Intel announced the first commercial applications of its revolutionary 3D XPoint non-volatile memory technology, which was announced less than a month ago. 3D XPoint, developed in collaboration with Micron, is claimed to be the most significant breakthrough in computer architecture in 25 years.
3D XPoint is Intel's name for a new type of non-volatile memory that is claimed to be as much as 1,000 times faster and 1,000 times longer lasting than current-day NAND flash, while also allowing for 10x denser storage capacities.
Intel CEO Brian Krzanich and SVP Rob Crooke announced a new brand for storage products, Intel Optane, at the end of the opening keynote at the company's annual Intel Developer Forum event in San Francisco. Optane products will be available first in the form of SSDs and then also as traditional DIMMs starting in 2016.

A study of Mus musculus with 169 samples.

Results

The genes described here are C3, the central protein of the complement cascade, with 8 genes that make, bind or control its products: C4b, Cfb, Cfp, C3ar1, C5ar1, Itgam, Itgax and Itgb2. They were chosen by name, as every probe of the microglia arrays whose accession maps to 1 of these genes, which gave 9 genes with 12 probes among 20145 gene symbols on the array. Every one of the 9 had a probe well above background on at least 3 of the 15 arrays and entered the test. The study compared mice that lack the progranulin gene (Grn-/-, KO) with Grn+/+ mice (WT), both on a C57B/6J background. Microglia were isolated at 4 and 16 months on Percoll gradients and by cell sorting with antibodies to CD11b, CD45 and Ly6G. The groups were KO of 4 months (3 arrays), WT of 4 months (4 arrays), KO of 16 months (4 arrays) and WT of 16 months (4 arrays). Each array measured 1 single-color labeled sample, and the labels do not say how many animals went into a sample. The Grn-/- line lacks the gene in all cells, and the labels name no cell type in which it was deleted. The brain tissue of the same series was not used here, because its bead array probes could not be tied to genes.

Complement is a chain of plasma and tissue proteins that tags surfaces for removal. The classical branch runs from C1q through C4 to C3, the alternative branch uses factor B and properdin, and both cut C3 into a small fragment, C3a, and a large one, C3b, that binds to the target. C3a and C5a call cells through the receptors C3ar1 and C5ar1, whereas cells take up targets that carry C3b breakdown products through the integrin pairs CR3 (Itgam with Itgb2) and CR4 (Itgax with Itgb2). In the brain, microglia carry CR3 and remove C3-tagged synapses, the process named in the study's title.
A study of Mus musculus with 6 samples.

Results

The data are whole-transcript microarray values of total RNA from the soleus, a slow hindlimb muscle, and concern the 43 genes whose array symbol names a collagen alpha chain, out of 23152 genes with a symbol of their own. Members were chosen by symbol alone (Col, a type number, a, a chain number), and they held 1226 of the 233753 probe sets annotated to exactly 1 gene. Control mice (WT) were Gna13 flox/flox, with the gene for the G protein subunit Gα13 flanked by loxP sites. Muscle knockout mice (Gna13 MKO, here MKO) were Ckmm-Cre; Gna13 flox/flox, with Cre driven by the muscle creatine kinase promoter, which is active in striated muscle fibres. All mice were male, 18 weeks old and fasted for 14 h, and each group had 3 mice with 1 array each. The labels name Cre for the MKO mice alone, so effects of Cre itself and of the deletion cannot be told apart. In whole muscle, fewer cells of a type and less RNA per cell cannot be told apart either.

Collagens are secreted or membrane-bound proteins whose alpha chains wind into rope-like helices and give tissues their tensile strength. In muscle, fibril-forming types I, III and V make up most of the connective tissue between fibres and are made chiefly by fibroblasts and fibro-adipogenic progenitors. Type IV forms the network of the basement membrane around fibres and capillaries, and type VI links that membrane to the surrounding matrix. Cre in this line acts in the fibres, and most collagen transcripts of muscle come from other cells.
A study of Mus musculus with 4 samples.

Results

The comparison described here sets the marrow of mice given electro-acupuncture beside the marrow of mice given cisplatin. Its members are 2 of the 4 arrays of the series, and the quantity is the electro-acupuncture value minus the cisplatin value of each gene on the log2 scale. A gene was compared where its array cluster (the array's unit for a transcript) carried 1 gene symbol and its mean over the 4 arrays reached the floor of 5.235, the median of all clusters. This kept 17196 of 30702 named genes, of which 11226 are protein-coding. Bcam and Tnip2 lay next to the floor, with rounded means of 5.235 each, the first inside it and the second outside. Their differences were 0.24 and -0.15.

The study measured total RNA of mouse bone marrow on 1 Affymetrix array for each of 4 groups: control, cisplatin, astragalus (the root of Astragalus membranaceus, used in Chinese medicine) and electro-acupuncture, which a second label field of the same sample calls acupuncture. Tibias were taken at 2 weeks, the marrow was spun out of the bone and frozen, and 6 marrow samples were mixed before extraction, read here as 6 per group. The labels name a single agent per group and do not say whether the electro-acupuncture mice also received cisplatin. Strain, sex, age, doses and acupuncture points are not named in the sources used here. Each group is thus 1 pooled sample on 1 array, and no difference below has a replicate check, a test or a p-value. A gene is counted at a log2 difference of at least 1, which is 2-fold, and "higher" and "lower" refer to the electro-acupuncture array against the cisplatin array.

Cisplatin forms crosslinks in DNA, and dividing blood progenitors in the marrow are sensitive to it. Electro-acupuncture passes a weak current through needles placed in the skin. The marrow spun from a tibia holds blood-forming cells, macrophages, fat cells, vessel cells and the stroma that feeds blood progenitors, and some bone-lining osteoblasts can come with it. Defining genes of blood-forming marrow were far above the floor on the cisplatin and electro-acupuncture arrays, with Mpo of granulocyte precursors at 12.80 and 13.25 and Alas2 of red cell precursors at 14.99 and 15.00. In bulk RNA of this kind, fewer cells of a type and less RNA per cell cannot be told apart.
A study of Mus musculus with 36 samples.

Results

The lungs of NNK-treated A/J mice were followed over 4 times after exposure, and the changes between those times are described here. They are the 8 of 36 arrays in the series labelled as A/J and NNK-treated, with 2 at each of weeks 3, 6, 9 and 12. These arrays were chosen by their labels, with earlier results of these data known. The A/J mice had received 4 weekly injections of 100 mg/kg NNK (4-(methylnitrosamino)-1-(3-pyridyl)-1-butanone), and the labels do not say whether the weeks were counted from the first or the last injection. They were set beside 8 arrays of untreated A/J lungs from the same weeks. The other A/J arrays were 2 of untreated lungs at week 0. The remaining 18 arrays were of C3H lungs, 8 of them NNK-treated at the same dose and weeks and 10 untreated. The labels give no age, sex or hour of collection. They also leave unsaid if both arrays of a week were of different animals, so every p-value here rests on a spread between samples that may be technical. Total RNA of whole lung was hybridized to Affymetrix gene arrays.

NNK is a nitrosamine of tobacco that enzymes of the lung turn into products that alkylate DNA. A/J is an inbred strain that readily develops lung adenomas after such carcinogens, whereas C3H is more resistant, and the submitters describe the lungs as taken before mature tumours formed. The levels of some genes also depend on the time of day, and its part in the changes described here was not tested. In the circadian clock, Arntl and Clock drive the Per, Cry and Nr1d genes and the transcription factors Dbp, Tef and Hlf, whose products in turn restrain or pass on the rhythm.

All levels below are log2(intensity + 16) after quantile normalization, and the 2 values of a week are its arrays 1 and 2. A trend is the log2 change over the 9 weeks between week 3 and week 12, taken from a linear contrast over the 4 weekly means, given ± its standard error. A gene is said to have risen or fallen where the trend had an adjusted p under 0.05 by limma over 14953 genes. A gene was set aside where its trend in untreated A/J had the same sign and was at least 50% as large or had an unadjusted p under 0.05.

Optane products will primarily be aimed at the enterprise, with data centres and applications that need to process massive data sets the most obvious customers. Krzanich did not specify details of the connection standards that the upcoming SSDs and DIMMs will use. Products suitable for the consumer market, as well as embedded solutions, are likely to follow later.
3D XPoint could eventually do away with the need for separate high-speed RAM and high-capacity permanent storage devices, resulting in a massive change to the way all kinds of computers are designed and built. A demonstration on stage showed two comparable systems running live benchmarks - the one with an Optane device exhibited up to 5.47x faster IOPS performance than one with Intel's current high-speed DC P3700 SSD.
Disclosure: Intel sponsored the correspondent's flights and hotel for the event in San Francisco.